Kyle Cooper. Picture: GALLO IMAGES/STEVE HAAG
Kyle Cooper. Picture: GALLO IMAGES/STEVE HAAG

IT IS fair to say the Sharks have reached a point of no return in their Super Rugby campaign, which has lurched from one low to the next.

With Cobus Reinach having left the tour due to a broken hand, they are now scraping the barrel in the No 9 position and their reluctance to call up another scrumhalf is bemusing.

Hooker Kyle Cooper has been called up as a replacement even though Bismarck du Plessis demonstrated why the Sharks had missed him during his four-week hiatus.

Former Sharks looseforward Wayne Fyvie said he was glad to have missed last Friday’s 48-15 hammering against the Highlanders but feels the side needs to apply the hard lessons of the season quickly.

Whether they can do so on Saturday against the high-flying Hurricanes is a different story.

"It is going to be a hard tournament for them and I know how they feel at the moment," Fyvie said.

"I was part of that 2000 Super 12 team that had a dismal campaign and it wasn’t a happy place to be.

"Through tough times you learn some of your hardest lessons and that is the one positive that could come out of this season," he said.

"When you’re in a downward spiral, it is often difficult trying to get out of it, but I’m sure they will be working hard in terms of getting things right where the potential issues are.

"They’ve had a lot of injuries and other potential excuses but it has been a tough tournament for them."

Whatever steps were taken after the Easter Weekend decimation at the hands of the Crusaders were erased in the face of a cultured attacking lesson from a Highlanders unit that clearly enjoys playing against South African sides.

The Sharks have now conceded 16 tries in three matches against New Zealand teams and the Hurricanes will relish the opportunity of facing Gary Gold’s defensively inept charges.

Beauden Barrett’s fitness, due to a knee injury sustained against the Crusaders, may be an issue Chris Boyd’s side will need to worry about. However, a team that has missed 103 tackles in their four matches should not be one to lose sleep over.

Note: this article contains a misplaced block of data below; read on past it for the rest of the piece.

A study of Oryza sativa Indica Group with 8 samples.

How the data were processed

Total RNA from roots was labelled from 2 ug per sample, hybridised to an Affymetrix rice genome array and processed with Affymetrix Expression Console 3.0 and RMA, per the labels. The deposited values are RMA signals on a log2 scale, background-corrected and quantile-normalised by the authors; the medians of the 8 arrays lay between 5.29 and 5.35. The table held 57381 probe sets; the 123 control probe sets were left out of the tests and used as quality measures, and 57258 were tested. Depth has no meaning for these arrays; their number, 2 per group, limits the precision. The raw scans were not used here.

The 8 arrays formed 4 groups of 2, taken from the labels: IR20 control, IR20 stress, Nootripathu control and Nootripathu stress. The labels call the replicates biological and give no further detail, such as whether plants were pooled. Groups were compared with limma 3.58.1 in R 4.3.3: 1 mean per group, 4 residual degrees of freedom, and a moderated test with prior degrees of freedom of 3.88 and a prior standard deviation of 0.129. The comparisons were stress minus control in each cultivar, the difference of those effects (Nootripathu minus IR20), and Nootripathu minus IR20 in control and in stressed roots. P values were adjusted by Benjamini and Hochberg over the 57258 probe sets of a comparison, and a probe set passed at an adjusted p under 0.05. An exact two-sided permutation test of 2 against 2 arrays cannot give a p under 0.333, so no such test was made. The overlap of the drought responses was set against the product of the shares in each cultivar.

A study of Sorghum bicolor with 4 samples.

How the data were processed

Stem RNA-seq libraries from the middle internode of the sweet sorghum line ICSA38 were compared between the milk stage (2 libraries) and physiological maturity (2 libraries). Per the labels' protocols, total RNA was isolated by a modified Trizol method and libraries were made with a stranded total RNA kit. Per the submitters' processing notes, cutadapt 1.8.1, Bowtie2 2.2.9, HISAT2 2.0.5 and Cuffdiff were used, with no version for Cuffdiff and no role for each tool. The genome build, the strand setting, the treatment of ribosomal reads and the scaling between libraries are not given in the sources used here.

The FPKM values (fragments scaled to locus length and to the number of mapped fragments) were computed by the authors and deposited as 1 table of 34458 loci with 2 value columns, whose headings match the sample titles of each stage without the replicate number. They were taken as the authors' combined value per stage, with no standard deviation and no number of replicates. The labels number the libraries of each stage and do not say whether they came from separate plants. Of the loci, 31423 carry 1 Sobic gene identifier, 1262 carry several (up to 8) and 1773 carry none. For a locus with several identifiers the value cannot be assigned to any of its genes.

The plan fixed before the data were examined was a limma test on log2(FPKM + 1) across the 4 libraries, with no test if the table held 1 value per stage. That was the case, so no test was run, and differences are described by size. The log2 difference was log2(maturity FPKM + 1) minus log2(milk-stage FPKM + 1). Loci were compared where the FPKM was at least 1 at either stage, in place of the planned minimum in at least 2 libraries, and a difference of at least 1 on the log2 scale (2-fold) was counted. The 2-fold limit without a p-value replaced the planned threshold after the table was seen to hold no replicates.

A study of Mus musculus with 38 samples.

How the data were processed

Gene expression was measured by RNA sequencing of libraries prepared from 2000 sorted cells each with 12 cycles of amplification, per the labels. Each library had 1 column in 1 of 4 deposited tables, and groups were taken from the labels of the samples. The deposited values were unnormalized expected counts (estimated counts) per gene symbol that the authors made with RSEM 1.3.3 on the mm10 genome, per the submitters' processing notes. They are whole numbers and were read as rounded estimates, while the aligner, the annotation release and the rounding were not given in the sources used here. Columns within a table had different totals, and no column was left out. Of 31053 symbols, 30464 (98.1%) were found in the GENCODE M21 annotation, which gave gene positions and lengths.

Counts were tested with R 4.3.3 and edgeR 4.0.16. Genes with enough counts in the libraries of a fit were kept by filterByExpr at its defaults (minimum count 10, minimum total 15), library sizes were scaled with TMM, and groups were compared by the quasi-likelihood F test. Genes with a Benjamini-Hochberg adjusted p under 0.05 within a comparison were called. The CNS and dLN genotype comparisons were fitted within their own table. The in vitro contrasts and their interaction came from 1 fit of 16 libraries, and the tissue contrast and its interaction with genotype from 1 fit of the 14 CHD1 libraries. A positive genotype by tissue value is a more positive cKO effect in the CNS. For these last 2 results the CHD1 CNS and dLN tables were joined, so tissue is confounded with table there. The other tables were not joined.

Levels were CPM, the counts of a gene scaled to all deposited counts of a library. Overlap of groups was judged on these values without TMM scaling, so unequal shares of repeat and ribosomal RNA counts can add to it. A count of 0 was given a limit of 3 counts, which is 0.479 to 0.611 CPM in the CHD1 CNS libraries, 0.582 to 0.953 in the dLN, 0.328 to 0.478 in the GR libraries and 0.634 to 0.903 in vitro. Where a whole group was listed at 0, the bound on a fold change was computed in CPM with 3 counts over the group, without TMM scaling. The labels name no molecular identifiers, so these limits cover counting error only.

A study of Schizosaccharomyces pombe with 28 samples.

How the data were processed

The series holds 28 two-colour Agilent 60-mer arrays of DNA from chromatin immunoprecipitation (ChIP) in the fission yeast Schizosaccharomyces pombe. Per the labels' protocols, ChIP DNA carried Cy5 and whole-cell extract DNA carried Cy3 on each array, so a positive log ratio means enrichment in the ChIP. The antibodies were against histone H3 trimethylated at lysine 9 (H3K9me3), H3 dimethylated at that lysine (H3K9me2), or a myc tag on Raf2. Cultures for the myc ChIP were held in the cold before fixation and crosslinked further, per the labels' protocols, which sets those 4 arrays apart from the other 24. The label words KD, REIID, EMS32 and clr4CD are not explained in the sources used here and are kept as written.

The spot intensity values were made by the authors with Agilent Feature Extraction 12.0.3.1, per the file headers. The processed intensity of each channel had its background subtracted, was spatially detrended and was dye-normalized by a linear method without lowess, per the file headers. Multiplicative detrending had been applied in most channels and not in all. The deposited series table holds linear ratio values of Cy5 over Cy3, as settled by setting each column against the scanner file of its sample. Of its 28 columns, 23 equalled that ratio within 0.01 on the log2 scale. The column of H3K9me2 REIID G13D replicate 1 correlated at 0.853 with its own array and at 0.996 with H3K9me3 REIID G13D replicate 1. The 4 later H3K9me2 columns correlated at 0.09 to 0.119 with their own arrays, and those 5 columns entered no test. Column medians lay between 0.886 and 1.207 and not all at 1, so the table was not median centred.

There is also the small matter of the axe John Plumtree has to grind with the Sharks after his unceremonious dismissal nearly two years ago, even though his tenure was also not built on granite defensive discipline.

The Sharks have shipped 31 tries in 11 matches, the same number conceded in the 2012 and 2013 regular seasons. The big difference is their impotence in getting to the whitewash, with only 22 tries scored.

Fyvie said the basic tenets of attitude and commitment in defence could be one of the reasons the Sharks had been abysmal defensively.

"Defence is about attitude and commitment. You can talk patterns and all sorts of things but you have to have the right attitude and commitment to the cause. Everyone has to be on the same page because there will be missed tackles and if they are missed, your teammate must be ready to cover for you. There would be alarm bells ringing if those are missing," Fyvie said.

"As a spectator, there have been games where they have shown commitment on defence but from what you have seen in the best part of the season that hasn’t been the case."